What a clueless book reviewer and others don’t seem to realize is that for close to nine years I was the Health Guide at the HealthCentral schizophrenia website. While I was employed at that job I wrote news articles that featured unbiased factual information. Of course I always wrote articles there about what I thought could be useful strategies for living in recovery too.
Today I’m compelled to crib the information from a slide slow I published at HealthCentral circa 2014.
I ask you: do you think I would want someone to take medication if they didn’t have to? Do you think I like having this illness? Do you think one-size-fits-all treatment is the way to go? The answer to these questions should be NO.
Now here’s the slide show I wrote in 2014: (Yep–no one else on either side of the aisle dared write this. I was the only one.) It’s a little long to scroll down on a cell phone yet I didn’t want to break it up into two entries.
To diagnose schizophrenia certain tests must be given.
First of all, a brain tumor or herpes encephalitis should be tested for to rule out that the person has one of these illnesses that mirrors schizophrenia. The following information was taken from Surviving Schizophrenia, 6th Edition by E. Fuller Torrey, M.D. I recommend you buy this book to have on hand. It’s the most recent version of this Family Manual that was first published in 1987.
It’s better to put your mind at ease about yourself or a loved one rather than jump to the conclusion that schizophrenia is always the cause of psychotic symptoms.
A diagnostic workup should include:
History and Mental Status Examination.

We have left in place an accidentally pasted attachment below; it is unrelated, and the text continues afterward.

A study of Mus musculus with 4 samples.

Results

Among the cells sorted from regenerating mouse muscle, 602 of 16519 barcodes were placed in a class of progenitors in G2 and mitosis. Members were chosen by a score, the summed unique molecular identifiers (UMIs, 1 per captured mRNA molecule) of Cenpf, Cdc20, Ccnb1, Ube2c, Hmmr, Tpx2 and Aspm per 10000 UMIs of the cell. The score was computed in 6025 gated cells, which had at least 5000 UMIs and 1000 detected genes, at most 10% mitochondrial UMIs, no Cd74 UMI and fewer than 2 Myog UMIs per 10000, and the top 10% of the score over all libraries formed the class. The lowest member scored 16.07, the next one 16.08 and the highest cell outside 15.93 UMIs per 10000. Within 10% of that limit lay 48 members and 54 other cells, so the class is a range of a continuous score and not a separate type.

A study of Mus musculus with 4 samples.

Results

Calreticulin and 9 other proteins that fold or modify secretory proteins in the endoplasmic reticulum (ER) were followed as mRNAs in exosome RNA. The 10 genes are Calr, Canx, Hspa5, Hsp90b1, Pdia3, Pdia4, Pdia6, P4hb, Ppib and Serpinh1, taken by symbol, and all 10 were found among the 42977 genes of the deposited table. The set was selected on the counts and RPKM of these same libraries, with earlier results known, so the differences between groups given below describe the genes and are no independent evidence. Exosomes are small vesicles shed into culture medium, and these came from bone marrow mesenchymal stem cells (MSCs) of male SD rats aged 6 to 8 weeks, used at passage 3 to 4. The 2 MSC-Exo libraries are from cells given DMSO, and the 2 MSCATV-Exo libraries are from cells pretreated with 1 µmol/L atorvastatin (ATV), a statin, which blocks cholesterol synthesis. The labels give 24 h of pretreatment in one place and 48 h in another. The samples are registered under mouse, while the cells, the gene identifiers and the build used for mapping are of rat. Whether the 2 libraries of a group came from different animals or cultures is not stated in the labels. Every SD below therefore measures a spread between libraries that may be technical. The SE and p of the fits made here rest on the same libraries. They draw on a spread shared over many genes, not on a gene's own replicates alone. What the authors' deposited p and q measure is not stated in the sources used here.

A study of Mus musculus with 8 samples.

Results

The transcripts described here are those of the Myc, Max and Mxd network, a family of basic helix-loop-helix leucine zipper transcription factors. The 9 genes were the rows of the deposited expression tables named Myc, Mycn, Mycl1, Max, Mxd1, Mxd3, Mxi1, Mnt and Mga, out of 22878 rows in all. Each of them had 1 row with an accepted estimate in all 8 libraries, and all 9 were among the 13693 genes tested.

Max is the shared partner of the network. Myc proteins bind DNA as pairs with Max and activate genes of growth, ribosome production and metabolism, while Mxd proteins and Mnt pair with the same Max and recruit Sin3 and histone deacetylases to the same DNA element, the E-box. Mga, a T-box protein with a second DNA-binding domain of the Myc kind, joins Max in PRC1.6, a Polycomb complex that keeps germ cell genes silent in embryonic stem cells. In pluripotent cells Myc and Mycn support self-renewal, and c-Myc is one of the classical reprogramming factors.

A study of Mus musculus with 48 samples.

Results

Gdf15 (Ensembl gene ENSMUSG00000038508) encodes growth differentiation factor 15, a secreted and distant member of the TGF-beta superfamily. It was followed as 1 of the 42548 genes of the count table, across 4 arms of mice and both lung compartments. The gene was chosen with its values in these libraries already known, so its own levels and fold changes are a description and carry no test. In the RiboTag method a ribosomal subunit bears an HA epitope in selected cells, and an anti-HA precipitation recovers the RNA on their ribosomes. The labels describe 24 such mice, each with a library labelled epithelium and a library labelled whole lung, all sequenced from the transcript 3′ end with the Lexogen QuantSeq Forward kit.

A review of organ systems will turn up illnesses that mirror schizophrenia. Asking the kinds of drugs a person is using will turn up evidence of street drug use that could cause the psychiatric symptoms, or of prescribed drugs that have these kinds of symptoms as a side effect. A mental status examination is where the individual is asked such questions as “Do you know where you are? and What is today’s date?” As well as abstract questions like “What does the expression ‘a rolling stone gathers no moss?’ mean?”
Physical and Neurological Examinations.
Asking a patient to draw a clock or write a sentence can identify individuals with other brain diseases like brain tumors or Huntington’s disease.
Basic Laboratory Work: Blood Count, Blood Chemical Screen, and Urinalysis.
A blood test can turn up pernicious anemia, AIDS, or lead intoxication. A thyroid function test should be ordered as well as a routine test for syphilis.
This kind of test can be useful in early or borderline cases to rule out or confirm a diagnosis of schizophrenia.
According to E. Fuller Torrey, M.D. “An MRI scan should be done on every individual who presents with psychosis for the first time.” Multiple diseases picked up by an MRI mirror the symptoms of schizophrenia.
For patients experiencing certain symptoms such as headaches, rapid onset of psychotic symptoms, visual or olfactory hallucinations, neurological signs or symptoms of central nervous system disorder and concurrent or recent history of flu or fever.
This is used like the lumbar puncture to rule out or confirm other diseases. It should be ordered for individuals with a history of meningitis or encephalitis, birth complications, or severe head injury; also for individuals that had episodic psychotic attacks with a sudden onset.
Other tests may be warranted depending on the presenting symptoms. Make sure you or your loved one gets a full diagnostic workup. To turn an expression on its head, all roads do not lead to Rome. Getting an accurate diagnosis is critical in the treatment of schizophrenia or any of the other diseases that might be occurring. Getting the right treatment right away results in a better outcome. Forming a preconceived idea about the type of illness a person has can lead to ineffective treatment that can make things worse.